A Poem by L. Tribble: Awake


by Lawrence Tribble

possibly written during the Great Awakening


One man awake, awakens another.

The second awakens his next-door brother.

The three awake can rouse a town,

By turning the whole place upside down.


The many awake can make such a fuss,

It finally awakens the rest of us.

One man up with dawn in his eyes,

Surely then multiplies.

A Poem by G. M. Hopkins: God's Grandeur

God’s Grandeur
by Gerard Manley Hopkins (1844–1889)

The world is charged with the grandeur of God.
It will flame out, like shining from shook foil;
It gathers to a greatness, like the ooze of oil Crushed. Why do men then now not reck his rod? Generations have trod, have trod, have trod;

And all is seared with trade; bleared, smeared with toil, And wears man’s smudge and shares man’s smell; the soil Is bare now, nor can foot feel, being shod.
And for all this, nature is never spent;
There lives the dearest freshness deep down things;
And though the last lights off the black West went,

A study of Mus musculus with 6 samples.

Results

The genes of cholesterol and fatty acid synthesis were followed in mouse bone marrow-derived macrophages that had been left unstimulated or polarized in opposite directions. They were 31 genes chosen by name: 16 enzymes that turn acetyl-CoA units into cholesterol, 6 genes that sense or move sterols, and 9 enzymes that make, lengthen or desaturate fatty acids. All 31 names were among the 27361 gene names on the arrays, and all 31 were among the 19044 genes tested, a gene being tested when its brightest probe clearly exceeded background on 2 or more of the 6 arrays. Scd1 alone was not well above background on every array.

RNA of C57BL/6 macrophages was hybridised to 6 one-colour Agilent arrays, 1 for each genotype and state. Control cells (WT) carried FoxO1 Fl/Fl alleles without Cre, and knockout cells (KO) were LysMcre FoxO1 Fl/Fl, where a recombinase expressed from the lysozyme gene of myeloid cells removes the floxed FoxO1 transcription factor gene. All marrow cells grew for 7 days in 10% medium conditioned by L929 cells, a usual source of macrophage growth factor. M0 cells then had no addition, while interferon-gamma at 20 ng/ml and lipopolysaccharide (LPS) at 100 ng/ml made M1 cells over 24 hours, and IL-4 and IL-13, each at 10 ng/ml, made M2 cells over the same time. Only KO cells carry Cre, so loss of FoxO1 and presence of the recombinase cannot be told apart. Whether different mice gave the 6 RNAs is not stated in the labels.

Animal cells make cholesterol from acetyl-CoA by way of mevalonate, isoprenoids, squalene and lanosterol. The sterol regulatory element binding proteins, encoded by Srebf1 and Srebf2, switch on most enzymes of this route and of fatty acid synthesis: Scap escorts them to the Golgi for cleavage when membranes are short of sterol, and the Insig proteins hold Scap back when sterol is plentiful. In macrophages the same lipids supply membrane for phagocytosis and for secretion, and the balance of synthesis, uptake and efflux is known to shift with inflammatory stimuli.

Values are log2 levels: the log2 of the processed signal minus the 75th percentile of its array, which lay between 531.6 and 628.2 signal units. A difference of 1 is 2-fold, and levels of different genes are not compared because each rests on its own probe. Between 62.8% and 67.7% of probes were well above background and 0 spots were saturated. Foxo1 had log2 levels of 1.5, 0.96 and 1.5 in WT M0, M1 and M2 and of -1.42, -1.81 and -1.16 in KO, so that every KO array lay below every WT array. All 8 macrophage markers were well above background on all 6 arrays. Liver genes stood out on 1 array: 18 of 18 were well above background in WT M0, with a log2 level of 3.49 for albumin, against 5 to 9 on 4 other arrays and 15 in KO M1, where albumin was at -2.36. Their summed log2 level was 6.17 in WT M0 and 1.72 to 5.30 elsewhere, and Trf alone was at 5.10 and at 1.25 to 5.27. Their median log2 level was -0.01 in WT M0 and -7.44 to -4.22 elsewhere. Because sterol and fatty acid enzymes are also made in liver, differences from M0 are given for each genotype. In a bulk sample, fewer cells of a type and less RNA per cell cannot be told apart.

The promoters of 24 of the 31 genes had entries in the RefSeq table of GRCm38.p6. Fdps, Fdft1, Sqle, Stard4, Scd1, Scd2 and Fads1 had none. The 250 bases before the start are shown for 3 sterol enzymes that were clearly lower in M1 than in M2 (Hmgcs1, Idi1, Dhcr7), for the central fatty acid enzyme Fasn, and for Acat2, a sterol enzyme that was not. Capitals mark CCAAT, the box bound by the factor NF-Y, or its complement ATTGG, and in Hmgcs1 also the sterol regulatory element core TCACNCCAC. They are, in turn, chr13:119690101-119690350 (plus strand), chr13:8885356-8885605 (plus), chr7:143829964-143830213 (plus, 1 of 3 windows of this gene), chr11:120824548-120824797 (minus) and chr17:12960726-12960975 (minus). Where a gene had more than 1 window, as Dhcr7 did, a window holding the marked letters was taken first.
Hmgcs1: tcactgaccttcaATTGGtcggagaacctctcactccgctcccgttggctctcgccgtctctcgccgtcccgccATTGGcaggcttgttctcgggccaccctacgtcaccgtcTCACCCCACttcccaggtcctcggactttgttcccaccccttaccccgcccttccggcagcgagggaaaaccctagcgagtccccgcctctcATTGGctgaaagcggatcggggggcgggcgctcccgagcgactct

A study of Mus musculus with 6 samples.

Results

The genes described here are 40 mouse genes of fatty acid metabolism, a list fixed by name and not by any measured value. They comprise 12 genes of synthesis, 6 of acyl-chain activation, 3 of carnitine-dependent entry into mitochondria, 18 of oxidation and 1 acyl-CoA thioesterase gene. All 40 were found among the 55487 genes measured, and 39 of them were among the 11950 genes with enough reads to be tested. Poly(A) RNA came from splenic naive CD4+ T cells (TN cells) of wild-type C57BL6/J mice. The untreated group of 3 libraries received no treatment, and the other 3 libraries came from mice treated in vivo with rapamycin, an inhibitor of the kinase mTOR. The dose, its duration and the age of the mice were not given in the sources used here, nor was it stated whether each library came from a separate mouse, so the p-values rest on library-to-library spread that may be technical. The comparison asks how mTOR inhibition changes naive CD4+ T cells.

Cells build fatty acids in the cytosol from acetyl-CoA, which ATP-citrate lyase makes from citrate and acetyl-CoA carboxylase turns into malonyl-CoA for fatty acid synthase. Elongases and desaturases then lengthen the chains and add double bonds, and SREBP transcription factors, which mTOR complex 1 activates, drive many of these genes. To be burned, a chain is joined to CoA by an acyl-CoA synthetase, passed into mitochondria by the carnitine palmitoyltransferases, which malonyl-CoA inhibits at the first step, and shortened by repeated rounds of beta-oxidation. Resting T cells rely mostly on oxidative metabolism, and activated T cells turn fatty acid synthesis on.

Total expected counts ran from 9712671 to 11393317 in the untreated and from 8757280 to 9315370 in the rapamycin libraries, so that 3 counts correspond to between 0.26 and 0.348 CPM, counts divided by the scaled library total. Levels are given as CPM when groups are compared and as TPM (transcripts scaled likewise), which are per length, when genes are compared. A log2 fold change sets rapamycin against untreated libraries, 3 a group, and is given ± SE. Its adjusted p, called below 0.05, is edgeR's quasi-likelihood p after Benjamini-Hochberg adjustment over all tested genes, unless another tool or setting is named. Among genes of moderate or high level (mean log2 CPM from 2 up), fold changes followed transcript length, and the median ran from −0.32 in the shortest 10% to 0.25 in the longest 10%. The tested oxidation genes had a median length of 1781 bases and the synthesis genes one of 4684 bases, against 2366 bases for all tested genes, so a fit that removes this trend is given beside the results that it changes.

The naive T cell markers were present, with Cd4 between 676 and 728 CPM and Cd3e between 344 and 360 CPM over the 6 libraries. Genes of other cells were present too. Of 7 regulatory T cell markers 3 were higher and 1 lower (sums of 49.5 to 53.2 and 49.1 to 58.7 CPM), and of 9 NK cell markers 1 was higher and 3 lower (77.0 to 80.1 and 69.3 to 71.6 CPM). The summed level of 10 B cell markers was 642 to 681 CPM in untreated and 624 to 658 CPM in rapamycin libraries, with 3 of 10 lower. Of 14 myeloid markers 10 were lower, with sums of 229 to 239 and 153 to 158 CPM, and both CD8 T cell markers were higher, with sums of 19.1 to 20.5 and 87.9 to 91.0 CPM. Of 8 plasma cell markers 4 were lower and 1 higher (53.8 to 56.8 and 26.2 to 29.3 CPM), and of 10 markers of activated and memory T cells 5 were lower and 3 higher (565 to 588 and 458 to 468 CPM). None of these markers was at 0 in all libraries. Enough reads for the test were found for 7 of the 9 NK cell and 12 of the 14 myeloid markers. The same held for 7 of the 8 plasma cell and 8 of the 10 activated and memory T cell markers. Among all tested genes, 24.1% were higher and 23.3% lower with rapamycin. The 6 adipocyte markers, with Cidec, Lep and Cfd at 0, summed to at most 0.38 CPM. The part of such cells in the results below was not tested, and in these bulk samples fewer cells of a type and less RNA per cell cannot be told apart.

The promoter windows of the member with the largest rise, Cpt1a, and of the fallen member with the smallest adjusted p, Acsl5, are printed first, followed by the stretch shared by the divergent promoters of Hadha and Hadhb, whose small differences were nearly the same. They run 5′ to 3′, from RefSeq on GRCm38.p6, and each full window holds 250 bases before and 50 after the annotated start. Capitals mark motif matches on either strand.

Oh, morning, at the brown brink eastward, springs—Because the Holy Ghost over the bent
World broods with warm breast and with ah! bright wings.

A Poem by E. Guest: No Place to Go

 No Place To Go

by Edgar Albert Guest (1881-1959)

The happiest nights I ever know
Are those when I've no place to go,
And the missus says When the day is through: 
“To-night we haven’t a thing to do.”

Oh, the joy of it, and the peace untold Of sitting ’round in my slippers old, With my pipe and book in my easy chair, Knowing I needn’t go anywhere.

Needn’t hurry my evening meal
Nor force the smiles that I do not feel, But can grab a book from a near-by shelf, And drop all sham and be myself.

Oh, the charm of it and the comfort rare; Nothing on earth with it can compare; And I’m sorry for him who doesn't know The joy of having no place to go.